For a video version of this blog, click here to take you to the YouTube video.
Red Rock Canyon National Conservation Area is about 20 minutes outside of Las Vegas in the Mojave Desert and is on BLM (Bureau of Land Management) Land. If you have an America the Beautiful National Parks pass, you can get in free!
Red Rock includes one big 13 mile scenic loop, and the road is wide so it’s easy for any RV. We were just passing through on our way from Las Vegas to Death Valley National Park, and had our 17’ Minnie Winnie trailer with us. If you’re really short on time, or have a really large RV, you can always just drive the loop. Dogs ARE allowed on the trails, but we didn’t have our pup with us on this trip.
The Visitors center has an upper and lower parking lot, and the lower lot can accommodate quite a few RV’s, even large ones.
At the visitor’s center you can visit the tortoise habitat outside. From November to March they are typically in a type of hibernation called brumation, but we were fortunate enough to see one of the desert tortoises out of his burrow.
As you travel along the loop, you may or may not have trouble finding a place to park with an RV. Because it was off season (mid March) and our trailer is relatively small, we didn’t have too much trouble finding a place to park at the places we wanted to stop, but it probably wouldn’t be that easy during peak times.
We planned our stops so we could see the most in our less than ½ day visit. Our first stop was High Point Overlook which gives you a grand view looking back towards the visitor’s center (pics don’t do it justice, but of course I’m posting them anyway). There was parking for 2 RVs or buses in this small lot and we were able to snag one of the spots. NOTE: If the space is marked for “Buses”, don’t park your RV there. They will make you move.
The Willow Spring Picnic Area has 3 areas to explore and is a “must see”! There’s a main parking lot, then if you go a little further, a gravel road and another lot.
In the Willow Spring Picnic Area, the road is 2 way so if you miss a stop you can just pull into one of the parking lots and when you pull out, you can easily go in the other direction
We were able to snag a spot in a gravel parking area on the side of the road that was just perfect, though it did take a little finagling for my husband to park.
Here we first walked the Petroglyph Wall Trail, a short .15 walk to view the petroglyphs. Do you know the difference between a petroglyph and a pictograph? We didn’t!
Our favorite trail at this stop was the Lost Creek Children’s Discovery Trail. It’s less than a mile but has a lot to see. It’s a combination of rocky, often uneven terrain and a short boardwalk trail. In areas where the path is uneven they have build in rock “steps” to make it easier to traverse. As long as you’re steady on your feet, it’s a very easy trail. I loved seeing all the different kinds of vegetation (including Joshua Trees), some wildflowers, a stream, beautiful sandstone rock formations and, depending on the recent rainfall or snowpack, you may even get to see a waterfall!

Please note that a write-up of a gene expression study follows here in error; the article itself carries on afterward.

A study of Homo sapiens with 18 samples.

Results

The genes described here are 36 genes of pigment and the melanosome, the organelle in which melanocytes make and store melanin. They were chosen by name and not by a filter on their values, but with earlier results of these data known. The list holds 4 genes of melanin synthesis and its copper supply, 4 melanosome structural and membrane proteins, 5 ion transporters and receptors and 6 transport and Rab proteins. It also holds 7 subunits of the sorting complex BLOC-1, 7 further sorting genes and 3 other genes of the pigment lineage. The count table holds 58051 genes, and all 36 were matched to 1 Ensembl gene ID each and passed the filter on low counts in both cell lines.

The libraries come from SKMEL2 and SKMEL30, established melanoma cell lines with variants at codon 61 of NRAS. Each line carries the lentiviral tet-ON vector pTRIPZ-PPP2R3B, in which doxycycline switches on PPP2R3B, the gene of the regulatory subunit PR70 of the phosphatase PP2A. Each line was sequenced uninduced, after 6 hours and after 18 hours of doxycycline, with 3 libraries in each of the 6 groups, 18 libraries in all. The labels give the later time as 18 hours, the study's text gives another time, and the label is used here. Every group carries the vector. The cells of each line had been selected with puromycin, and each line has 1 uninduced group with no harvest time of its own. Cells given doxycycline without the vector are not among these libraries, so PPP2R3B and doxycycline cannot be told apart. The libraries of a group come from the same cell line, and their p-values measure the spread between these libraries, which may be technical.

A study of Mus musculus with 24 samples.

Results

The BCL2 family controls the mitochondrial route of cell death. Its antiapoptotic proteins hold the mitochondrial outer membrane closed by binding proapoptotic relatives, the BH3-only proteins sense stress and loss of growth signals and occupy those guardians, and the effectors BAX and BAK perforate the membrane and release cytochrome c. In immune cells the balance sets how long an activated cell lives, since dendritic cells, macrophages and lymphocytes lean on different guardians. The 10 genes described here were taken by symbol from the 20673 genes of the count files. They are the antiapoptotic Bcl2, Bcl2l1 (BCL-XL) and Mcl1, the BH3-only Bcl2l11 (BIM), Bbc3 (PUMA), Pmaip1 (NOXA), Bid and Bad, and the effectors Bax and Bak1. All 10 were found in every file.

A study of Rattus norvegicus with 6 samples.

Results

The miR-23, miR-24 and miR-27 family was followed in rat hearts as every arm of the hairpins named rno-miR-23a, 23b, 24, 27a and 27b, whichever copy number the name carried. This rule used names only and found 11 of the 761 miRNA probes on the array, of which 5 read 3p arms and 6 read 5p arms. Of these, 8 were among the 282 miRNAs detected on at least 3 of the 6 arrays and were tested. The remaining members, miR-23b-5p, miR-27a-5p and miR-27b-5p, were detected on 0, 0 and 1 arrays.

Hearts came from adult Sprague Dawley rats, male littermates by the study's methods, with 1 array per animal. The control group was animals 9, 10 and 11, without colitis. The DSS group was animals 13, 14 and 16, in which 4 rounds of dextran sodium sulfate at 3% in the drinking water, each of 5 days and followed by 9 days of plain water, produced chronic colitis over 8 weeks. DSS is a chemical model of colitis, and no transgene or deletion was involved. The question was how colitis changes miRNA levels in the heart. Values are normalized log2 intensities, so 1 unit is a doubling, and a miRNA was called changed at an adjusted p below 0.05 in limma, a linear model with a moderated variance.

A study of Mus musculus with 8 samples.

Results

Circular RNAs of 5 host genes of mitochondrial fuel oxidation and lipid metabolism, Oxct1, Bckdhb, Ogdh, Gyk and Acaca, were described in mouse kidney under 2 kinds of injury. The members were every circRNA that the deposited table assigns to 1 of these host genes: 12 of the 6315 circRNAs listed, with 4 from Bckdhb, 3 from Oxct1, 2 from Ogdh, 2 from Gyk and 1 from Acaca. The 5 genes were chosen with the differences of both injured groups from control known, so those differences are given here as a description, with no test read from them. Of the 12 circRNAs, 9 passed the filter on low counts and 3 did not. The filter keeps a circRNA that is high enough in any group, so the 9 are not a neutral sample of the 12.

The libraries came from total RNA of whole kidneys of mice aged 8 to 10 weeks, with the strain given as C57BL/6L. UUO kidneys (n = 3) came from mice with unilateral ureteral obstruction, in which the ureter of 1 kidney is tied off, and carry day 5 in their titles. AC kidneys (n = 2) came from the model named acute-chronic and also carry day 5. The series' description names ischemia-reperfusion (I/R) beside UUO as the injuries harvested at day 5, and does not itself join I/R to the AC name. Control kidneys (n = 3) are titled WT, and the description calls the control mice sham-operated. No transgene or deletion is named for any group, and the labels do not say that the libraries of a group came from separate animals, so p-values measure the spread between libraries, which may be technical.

This was by far my favorite stop. I’m a water person and it was so relaxing and refreshing to the spirit! The temps were mild when we visited in March (high 50’s and 60’s and sometimes windy), but it’s VERY hot in the summer months, so be prepared and bring lots of water!
Here’s a link(Click here) to the .pdf map and general info
There were lots of these silk-like cocoons in the bushes. I did a little research and found out they are Western Tent Caterpillars, and they spin this web around themselves from their mouths. I had a video of this but lost it (waaaaaa!). They were really fascinating!
On the way back to our car we tried to do our part and pick up some trash. It’s so sad how people can be so disrespectful. I mean, they pick up their dog’s poop, then leave it there instead of carrying it out?!!! (SMH)
There’s a lot more to see but after this we decided to hit the road and grab a quick lunch so we could get to Death Valley before dark.
On the drive out we came to an area that was still partially flooded from the rain more than 24 hours earlier. I’d imagine it floods out in a major storm.
Have you been to the Red Rock Conservation Area? What was your favorite, and what did we miss? Tell us in the comments below.
*NOTE: We visited Red Rock just as the Covid-19 outbreak was starting, but we were not “shut down” and the mask mandate was not yet in effect. It was suggested that we keep a good 6’ distance from others (which we did), but obviously these areas had not yet closed. They closed within the next week after our visit.